Oklahoma: Two Steps Forward, One (Potential) Step Backby Brad Warbiany
UPDATE: My reading comprehension took a breather today. Replace Oklahoma with Arkansas for most of this post. I guess I had Oklahoma on the brain after the tattoo story. Suffice to say that I did have a point in that all states like to use taxation or outright bans of unpopular behavior or activities based on the tyranny of the majority. Thanks Kevin for catching my mistake.
Recently, Oklahoma finally became the last state in the US to legalize tattooing. As I said then, it was a promising sign, but I didn’t think that they were going to understand the wider lesson of it being wrong to ban it in the first place:
I’d like to say that this change in the law is Oklahoma’s realization that outlawing behavior that they simply find unappealing, which does not infringe on anyone’s rights, is bad policy. But it’s not. This is them retreating from one restriction of freedom that no longer has a lot of public support. I’m sure they won’t be shy about keeping those restrictions that exist, or enacting new restrictions, as long as the majority supports it. After all, that’s what government is for, right?
Well, they may be showing their hand. This, of course, isn’t about outlawing something, it’s about using the power of taxation to discourage behavior, which I also find deplorable. It seems that because beer is such a nasty, sinful, awful substance (if extraordinarily tasty and refreshing!), Oklahoma decided in 2001 to add 3% sales tax on its sale, to pay “for the children”. While this was intended as a temporary tax to offset budget shortfalls, the Governor wants to extend it when government coffers are full:
Lawmakers studying the Public School Fund budget proposal Thursday scratched their heads when they saw that Gov. Mike Huckabee’s recommendation includes keeping the additional sales tax on beer.
The tax is to end June 30, 2007, but the executive recommendation has it continuing at least through fiscal 2009.
Sen. Terry Smith, D-Hot Springs, asked if that was a mistake.
“The governor is supporting continuing the beer tax,” answered Mike Stormes, the state budget director.
The tax brings in $ 6. 9 million a year for preschool programs. It was a part of the $2 billion-plus Public School Fund budget submitted at the Arkansas Legislative Council-Joint Budget Committee budget hearing.
Yep, in order to pay for preschool programs, we should probably tax the people who need those programs the most. You know, the ones most likely to consume large quantities of beer. Namely young, single, childless men. That’s fair!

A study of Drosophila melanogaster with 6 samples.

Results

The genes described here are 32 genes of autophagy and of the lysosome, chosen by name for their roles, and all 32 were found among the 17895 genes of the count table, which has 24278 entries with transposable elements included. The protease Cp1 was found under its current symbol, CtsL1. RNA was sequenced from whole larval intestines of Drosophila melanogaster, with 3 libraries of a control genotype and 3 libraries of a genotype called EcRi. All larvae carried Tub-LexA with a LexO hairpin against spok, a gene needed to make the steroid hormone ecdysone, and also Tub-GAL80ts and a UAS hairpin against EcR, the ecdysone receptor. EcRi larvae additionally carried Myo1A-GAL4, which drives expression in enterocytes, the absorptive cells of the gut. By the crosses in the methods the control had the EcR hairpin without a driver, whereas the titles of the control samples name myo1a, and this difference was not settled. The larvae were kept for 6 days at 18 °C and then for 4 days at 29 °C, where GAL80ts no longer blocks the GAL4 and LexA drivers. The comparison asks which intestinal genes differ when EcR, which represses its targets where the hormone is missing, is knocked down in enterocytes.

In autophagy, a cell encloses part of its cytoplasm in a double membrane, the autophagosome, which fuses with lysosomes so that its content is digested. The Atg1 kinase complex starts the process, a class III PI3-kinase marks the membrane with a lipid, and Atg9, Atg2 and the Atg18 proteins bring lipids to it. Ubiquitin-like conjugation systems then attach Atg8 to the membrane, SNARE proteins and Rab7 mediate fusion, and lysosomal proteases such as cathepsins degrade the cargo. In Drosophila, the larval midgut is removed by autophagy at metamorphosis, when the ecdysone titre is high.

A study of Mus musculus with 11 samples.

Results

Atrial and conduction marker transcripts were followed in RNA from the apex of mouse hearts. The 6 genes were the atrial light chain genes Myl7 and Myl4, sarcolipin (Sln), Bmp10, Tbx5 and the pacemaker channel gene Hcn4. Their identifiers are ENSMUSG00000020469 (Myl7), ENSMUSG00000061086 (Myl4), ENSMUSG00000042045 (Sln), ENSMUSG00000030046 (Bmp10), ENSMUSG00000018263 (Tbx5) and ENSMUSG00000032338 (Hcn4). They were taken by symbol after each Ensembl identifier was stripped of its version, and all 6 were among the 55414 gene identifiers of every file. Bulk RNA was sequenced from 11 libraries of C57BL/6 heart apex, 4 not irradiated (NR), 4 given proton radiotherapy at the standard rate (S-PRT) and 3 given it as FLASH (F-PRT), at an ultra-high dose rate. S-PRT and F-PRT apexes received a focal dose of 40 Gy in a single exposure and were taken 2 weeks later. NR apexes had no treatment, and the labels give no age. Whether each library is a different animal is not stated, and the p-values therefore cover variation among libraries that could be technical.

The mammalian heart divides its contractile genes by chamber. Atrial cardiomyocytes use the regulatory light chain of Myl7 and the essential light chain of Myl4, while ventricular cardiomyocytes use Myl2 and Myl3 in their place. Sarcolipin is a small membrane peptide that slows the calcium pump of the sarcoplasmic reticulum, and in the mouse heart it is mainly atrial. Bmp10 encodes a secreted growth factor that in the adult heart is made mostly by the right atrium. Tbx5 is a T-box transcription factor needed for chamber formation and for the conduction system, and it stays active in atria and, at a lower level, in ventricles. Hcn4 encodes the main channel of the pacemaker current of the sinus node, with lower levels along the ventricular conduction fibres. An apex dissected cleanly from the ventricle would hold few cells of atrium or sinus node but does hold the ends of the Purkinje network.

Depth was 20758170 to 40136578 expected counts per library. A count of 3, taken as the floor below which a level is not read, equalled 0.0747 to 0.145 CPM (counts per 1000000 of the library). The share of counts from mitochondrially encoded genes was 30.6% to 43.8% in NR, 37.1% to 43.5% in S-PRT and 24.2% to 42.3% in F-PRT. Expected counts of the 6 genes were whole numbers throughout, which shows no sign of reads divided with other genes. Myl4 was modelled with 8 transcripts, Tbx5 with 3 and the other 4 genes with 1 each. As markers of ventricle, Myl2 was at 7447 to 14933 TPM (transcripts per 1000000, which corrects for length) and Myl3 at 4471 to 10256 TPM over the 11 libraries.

In the defense of Oklahoma, though, this attempt by Huckabee appears doomed to defeat:
Sen. Percy Malone, DArkadelphia, described the beer tax as a “temporary tax” and said legislators should “honor our word” and eliminate it.
“There’s no way in the world the members of the Revenue and Tax Committee are going to extend this tax… under no circumstance,” said Sen. Bobby Glover, D-Carlisle.
Sen. Paul Miller, DMelbourne, noted that it really didn’t matter what Huckabee recommended because the forthcoming recommendations of the governor-elect — Mike Beebe — will be what the Legislature considers. Huckabee leaves office Jan. 9.
Good for them. Let’s hope they’re able to resist the desire to tax the
In other news, Georgia may be rescinding their ban on Sunday sales of alcohol, which I find to be quite a shock:
“Customers are requesting it and retailers are here for customer service,” said Kathy Kuzava, who heads the Georgia food industry association.
Her organization represents major retailers as well as with smaller independent stores. The Food Industry Association along with the Georgia Association of Convenience Stores plans to lobby the legislature to lift the ban on Sunday beer and wine sales, though not liquor sales.
“The number one sale day in supermarkets is Saturday and the second one is Sunday. It’s frustrating because we can’t service our customers seven days a week,” said Kuzava.
The plan is expected to come under fierce opposition, with well-reasoned arguments like this:
“I consider it the Lord’s day. It’s His day, not our day or the state’s day or the United States’ day. I don’t think we should be drinking on that day, and I don’t think he wants other people drinking on that day either,” said convenience store shopper Bob York.
Really, how can you argue with that?